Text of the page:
Though the Mumbai Police did manage – happenstances and good luck helped – to quell the violence on 11 August at and around Azad Maidan, it does appear that there are serious problems with the law-enforcers. They could be heading towards a crisis which neither the force nor the city can afford.
Constable Pramod Tawde is a symptom of that impending crisis. So is the city’s police chief, Arup Patnaik. Or, more succinctly, the way they have conducted themselves in the past two weeks, starting from around the time of the Raza Academy-sponsored rally.
Tawde would not have marshalled the courage to walk up in uniform to the dais and show his gratitude to Raj Thackeray for the morale booster he provided in his 20-minute speech – ‘no one shall touch a policeman henceforth’, he said. Later, the constable spoke to TV cameras and spoke how here was none to protect the interests of the police force– not even a union.
He did put his neck out too far to be chopped by a force which pretends to be professional, proficient in forensic investigations, and clean – three-point fiction really – but even before Tawde could be investigated, his chief, Patnaik told a live TV show that the constable was under “psychiatric treatment”.
If he was mentally disturbed, Mr Patnaik, why was he on duty in the Wireless wing, the centre of police communications? We have not been told that he was on medical leave. Was his psychiatric status a manufactured fiction to protect the force’s image? Or, more crucially, is it normal for the patently overworked force to tolerate such patients under the belief that they would not cause the force and the city they guard, any harm?
Patnaik also told the television on Wednesday night that media reports which claimed that women constables were molested during the 11 August violence, was “not an exaggeration but false”. If it was indeed a fallacy, it would have been more credible had he not taken nearly two weeks to clarify that.
When women of his force are subjected to such humiliation, delaying the all-important clarification was not kosher.
He has a role, which according to him, is that of a “head of a family” and therefore he “can even shout at an officer”, in this case a senior IPS official, and by reports, in the presence of miscreants detained after the 11 August riots. Then he was required to be more circumspect, whatever the aggravation.
This event, apparently in his own office, has been widely reported; even YouTube and Twitter went ballistic with it. The development has not added to the morale of the force. The containment of the 11 August madness at Azad Maidan, though successful with over-deployment of self-loading rifles, is no alibi. Nor do we have we any explanation for a report in the Indian Express, Mumbai Newsline on 15 August that the “Additional Commissioner of Police, South region, was on stage reciting a religious verse, unaware of the scuffle at the access.” Pray, what prayer when a religious organisation was the organiser of the Muslim congregation protesting against attacks on their community elsewhere?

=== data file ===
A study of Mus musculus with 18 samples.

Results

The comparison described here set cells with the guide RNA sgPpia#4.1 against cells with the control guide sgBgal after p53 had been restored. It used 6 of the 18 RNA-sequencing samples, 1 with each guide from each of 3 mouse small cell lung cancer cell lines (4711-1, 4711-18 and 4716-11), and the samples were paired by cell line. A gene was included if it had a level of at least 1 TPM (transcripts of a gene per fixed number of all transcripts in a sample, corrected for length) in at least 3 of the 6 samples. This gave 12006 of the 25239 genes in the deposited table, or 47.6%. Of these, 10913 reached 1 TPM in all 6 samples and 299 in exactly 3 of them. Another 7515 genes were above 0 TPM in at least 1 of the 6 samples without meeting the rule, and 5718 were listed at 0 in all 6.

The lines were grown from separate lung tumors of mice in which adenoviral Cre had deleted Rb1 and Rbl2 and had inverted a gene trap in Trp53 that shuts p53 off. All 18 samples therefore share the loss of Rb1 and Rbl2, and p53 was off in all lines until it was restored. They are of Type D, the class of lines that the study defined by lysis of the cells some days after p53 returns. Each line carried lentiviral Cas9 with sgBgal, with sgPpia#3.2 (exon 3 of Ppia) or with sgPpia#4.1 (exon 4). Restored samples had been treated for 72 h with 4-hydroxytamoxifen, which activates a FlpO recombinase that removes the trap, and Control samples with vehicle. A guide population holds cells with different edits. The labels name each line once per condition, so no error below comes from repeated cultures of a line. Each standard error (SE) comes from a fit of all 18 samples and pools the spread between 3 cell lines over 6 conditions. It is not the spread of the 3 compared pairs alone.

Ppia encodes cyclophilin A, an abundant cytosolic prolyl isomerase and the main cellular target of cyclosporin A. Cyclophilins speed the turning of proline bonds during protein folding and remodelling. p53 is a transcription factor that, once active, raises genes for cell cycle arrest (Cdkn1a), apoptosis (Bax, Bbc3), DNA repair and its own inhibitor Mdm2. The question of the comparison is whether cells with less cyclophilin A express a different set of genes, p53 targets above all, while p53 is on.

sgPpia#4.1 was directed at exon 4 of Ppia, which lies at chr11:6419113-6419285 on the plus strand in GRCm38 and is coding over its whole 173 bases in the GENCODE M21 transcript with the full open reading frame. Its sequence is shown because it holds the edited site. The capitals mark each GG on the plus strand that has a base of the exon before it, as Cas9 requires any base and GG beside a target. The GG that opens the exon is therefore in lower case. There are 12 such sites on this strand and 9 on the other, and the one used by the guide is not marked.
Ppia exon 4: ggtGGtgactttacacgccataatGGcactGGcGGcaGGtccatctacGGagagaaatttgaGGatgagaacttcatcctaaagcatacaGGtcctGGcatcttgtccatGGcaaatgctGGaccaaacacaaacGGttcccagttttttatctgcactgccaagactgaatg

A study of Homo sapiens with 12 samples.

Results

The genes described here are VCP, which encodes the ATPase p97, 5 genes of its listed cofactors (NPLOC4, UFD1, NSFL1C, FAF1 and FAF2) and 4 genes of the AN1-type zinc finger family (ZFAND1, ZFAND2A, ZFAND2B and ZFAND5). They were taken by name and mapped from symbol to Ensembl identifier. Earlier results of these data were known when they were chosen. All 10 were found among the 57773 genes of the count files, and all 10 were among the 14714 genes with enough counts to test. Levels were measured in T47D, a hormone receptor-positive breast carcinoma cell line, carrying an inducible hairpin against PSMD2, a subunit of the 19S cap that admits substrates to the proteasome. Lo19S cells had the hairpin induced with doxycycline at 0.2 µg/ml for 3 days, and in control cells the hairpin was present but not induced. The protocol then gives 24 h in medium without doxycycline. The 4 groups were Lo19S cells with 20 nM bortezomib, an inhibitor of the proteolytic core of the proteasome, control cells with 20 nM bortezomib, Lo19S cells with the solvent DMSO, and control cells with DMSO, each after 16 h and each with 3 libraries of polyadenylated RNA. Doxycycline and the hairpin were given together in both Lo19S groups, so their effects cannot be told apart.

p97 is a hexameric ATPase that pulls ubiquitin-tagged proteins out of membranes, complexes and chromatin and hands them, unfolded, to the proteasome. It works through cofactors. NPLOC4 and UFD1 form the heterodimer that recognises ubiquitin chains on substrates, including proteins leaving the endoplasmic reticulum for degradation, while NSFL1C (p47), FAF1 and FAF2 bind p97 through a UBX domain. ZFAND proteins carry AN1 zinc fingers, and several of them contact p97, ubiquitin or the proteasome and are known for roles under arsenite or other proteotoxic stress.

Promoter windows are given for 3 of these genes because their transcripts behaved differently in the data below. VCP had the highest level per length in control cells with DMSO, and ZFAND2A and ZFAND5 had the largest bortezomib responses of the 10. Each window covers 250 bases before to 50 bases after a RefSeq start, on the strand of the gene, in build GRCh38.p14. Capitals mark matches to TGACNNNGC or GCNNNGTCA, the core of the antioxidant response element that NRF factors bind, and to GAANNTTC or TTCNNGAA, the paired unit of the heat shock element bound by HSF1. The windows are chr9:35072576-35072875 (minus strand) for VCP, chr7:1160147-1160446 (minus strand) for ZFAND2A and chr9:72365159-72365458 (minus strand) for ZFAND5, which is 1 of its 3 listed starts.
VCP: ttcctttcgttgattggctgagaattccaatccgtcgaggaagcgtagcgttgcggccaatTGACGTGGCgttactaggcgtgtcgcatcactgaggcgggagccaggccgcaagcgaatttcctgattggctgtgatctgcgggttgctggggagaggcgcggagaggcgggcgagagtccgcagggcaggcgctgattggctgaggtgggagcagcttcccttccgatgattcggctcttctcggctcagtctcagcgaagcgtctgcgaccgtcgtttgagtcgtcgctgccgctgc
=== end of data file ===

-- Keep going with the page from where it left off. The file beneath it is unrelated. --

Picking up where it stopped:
By Patnaik’s own admission, that day “the fingers of some policemen were on their triggers” and he had to “ensure that they did not fire”. This speaks poorly of a force which can succumb to such exasperation when under attack. In this attack, women constables got their share of mortification which the police chief says was falsely made out. A self-respecting woman likes that if she was not molested, she does not want the world to think she was.
The manner in which the constabulary was avidly taking in what Raj Thackeray said in favour of the police, was a signal that the force is looking for someone to be paternalistic in action, not by claim. Thackeray was offering solace to a hurt force. No wonder, whatever his psychiatric profile, Tawde brought that hurt out.
Thackeray is now a man who would be able to overawe the policemen with ease, because he is now their friend who will stand for them. The reach that Raj Thackeray has developed within a span of 20 minutes won their hearts.
Tomorrow, faulting him for having worked his way into their minds, where he would be seen as an angelic person when the force was under stress, would be wrong. The force is vulnerable to such patronage, as has been seen in the past. At one time, police chiefs like Julio Ribeiro, his immediate predecessors and successors realised that each of Mumbai’s police station had become virtually a Shiv Sena shakha in addition to the ones the party ran officially.
Now, they could well be Maharashtra Navnirman Sena’s. It would not behove well for a police force.